Toledo and Whitehouse have what can be described as A Tale of Two Castles.
Downtown Toledo’s Pythian Castle, built by the Knights of Pythias fraternal order in 1890, is an architectural gem that many people want to preserve but don’t know how.
Such a project would cost millions of dollars. It gets more expensive as the years go by. Toledo’s Pythian Castle hasn’t been occupied since the 1970s. It has deteriorated so much it is unsafe.
To Toledo’s southwest, in the charming little village of Whitehouse, lies another Pythian Castle.
With two floors and a basement, it is smaller and more modest than Toledo’s stately six-floor castle. That’s understandable. Whitehouse itself is smaller and more modest than Toledo, often living in the shadows of its higher-profile Lucas County neighbor.
Both castles helped anchor the downtown districts of their respective municipalities. They were built only a year apart. But the Whitehouse Pythian Castle, built in 1891, is in much better shape.
Its heat and electricity were never turned off. It was never vacated. The Knights of Pythias owned it until area members disbanded in the early 1980s and deeded it over to the group’s female affiliate, Pythian Sisters.
Until recently, Pythian Sisters Lodge 312 held meetings inside the Whitehouse Pythian Castle and rented it out for baby showers, family reunions, and events sponsored by other community groups, according to Louann Artiaga, lodge secretary-trustee. A newspaper article also says the building was used in years past as a blacksmith shop, grocery store, summer movie theater, restaurant, and draft board.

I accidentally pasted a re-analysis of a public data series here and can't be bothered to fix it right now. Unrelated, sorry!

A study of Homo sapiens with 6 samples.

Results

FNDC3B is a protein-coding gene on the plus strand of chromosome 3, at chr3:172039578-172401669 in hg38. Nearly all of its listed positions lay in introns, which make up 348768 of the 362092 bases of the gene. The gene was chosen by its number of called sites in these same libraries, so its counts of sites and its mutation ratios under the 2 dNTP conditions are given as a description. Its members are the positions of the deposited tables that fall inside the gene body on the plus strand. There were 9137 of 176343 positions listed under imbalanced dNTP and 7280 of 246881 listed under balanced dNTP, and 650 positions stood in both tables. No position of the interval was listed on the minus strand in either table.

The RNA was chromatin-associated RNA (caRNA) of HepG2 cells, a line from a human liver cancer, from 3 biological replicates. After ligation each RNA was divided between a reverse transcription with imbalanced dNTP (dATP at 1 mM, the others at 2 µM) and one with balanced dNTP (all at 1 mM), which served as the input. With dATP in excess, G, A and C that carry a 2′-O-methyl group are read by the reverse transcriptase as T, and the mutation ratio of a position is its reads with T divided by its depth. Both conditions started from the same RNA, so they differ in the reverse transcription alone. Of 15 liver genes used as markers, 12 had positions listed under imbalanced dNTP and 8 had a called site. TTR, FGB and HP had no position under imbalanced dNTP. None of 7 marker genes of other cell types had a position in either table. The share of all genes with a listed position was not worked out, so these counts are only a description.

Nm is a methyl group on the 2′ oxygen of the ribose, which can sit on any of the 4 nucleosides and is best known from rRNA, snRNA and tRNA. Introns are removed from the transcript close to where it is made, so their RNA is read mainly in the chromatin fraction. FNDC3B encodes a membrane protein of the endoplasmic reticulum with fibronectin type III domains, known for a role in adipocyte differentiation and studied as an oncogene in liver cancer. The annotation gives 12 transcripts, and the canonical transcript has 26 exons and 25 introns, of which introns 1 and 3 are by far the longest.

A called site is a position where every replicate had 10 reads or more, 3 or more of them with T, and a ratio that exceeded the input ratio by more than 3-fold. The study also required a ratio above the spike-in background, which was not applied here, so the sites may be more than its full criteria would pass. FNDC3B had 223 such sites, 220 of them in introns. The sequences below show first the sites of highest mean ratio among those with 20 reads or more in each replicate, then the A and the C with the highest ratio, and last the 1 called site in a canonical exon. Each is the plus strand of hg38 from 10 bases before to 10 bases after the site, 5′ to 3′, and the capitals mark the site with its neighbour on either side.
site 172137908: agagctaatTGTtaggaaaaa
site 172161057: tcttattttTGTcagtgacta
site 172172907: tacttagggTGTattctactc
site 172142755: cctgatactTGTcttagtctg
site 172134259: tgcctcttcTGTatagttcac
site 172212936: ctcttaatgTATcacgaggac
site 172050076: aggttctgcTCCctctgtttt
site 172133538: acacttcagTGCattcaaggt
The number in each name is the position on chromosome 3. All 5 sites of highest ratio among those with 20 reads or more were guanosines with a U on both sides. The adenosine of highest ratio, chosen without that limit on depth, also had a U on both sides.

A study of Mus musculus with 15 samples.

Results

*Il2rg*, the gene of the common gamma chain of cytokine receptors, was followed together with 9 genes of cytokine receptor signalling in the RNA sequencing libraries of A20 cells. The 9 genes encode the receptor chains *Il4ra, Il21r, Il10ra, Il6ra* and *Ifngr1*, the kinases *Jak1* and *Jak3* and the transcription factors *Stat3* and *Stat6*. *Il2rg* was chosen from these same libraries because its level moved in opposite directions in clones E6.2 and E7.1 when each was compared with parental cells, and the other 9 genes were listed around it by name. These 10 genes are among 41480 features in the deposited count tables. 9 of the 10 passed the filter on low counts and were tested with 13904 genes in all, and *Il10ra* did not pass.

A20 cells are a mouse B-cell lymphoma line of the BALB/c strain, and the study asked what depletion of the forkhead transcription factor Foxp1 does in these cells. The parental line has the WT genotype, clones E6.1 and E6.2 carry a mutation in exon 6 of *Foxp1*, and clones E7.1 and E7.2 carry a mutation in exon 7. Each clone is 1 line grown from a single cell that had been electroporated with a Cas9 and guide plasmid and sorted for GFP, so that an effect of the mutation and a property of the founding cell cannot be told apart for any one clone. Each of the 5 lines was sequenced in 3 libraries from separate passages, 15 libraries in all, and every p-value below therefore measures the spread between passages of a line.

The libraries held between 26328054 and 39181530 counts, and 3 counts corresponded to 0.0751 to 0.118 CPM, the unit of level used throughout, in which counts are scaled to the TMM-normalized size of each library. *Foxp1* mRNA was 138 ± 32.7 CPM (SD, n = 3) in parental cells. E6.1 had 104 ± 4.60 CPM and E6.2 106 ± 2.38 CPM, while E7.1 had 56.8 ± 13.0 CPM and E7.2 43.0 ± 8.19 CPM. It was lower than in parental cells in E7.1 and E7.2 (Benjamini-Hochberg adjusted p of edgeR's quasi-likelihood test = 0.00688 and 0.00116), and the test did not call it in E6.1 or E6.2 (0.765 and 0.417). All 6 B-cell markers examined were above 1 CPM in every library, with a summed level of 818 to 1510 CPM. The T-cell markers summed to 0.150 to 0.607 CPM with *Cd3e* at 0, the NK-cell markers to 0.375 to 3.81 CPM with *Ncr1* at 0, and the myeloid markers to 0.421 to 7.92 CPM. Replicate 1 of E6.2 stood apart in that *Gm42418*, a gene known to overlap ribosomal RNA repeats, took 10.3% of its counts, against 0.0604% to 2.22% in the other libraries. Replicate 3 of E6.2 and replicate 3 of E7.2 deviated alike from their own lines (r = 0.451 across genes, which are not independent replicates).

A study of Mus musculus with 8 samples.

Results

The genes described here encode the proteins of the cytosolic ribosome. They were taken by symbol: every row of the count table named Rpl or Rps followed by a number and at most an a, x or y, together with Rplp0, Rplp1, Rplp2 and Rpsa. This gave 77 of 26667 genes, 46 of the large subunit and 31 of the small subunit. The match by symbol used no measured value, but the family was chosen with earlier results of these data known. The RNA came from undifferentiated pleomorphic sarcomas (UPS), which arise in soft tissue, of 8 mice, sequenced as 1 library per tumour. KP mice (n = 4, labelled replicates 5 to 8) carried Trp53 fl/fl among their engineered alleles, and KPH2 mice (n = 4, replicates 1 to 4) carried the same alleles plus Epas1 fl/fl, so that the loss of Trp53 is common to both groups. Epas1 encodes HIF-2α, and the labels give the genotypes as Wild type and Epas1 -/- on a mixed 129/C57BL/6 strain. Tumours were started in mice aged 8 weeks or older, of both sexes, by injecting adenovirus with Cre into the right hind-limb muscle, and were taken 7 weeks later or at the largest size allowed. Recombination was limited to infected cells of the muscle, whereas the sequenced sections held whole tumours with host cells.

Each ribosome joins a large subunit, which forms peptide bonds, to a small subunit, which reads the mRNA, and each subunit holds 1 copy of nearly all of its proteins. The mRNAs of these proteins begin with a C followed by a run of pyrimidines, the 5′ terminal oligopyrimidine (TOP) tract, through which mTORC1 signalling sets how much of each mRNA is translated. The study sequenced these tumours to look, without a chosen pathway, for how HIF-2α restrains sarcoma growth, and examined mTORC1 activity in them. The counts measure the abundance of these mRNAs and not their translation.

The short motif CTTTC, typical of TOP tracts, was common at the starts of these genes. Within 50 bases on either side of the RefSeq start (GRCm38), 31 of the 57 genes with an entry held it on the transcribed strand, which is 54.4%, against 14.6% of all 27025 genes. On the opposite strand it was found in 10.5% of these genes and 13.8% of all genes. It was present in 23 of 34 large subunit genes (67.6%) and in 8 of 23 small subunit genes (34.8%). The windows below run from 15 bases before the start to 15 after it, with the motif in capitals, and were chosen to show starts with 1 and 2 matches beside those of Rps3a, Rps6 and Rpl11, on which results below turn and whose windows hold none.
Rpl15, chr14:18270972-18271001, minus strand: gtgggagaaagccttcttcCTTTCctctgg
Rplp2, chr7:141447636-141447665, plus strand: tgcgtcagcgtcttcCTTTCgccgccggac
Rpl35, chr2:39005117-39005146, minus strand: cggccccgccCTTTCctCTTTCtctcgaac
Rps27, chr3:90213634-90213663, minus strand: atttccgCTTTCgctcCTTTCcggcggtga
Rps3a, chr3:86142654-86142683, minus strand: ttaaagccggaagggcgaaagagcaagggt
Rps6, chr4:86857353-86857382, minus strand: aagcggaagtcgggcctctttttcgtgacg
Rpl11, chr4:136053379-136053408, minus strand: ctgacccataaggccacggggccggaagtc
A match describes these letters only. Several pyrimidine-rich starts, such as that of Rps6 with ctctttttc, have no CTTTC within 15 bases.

The Whitehouse castle is showing its age and needs a facelift. But it doesn’t need the overhaul that Toledo’s castle does. The Whitehouse castle’s new owner, Mark Martin, said he plans to spend $300,000 to $400,000 to modernize that building’s interior and get it into shape for his logistics business, Cynamar Inc., to relocate there by Oct. 1. Then, presumably for many more years, the Whitehouse castle will continue to be a vibrant part of the village’s downtown.
Ms. Artiaga, who owns Spring Valley Business Solutions a short walk down Providence Street, admitted the upcoming work on the Whitehouse castle is “horribly bittersweet” because of its 122 years in Pythian hands.
But she agreed it was time. The landmark was sold to Mr. Martin in December.
“We are still very active in supporting local charities here,” Ms. Artiaga said, adding that local Pythian Sisters will continue as an organization and will meet in her office or area homes. “We just felt it made more sense to put what money the group had into that mission, instead of the building.”
Mr. Martin said his goal is to preserve the building as a Whitehouse icon for the “rural progressive" community he loves. In addition to maintaining the castle’s structural integrity, he plans to decorate halls with some historic photos of the village and artifacts of the group.
“The appeal of the building has always been obvious to us,” Mr. Martin said. “This is a piece of Whitehouse, Ohio. It is a piece of a wonderful, wonderful community.”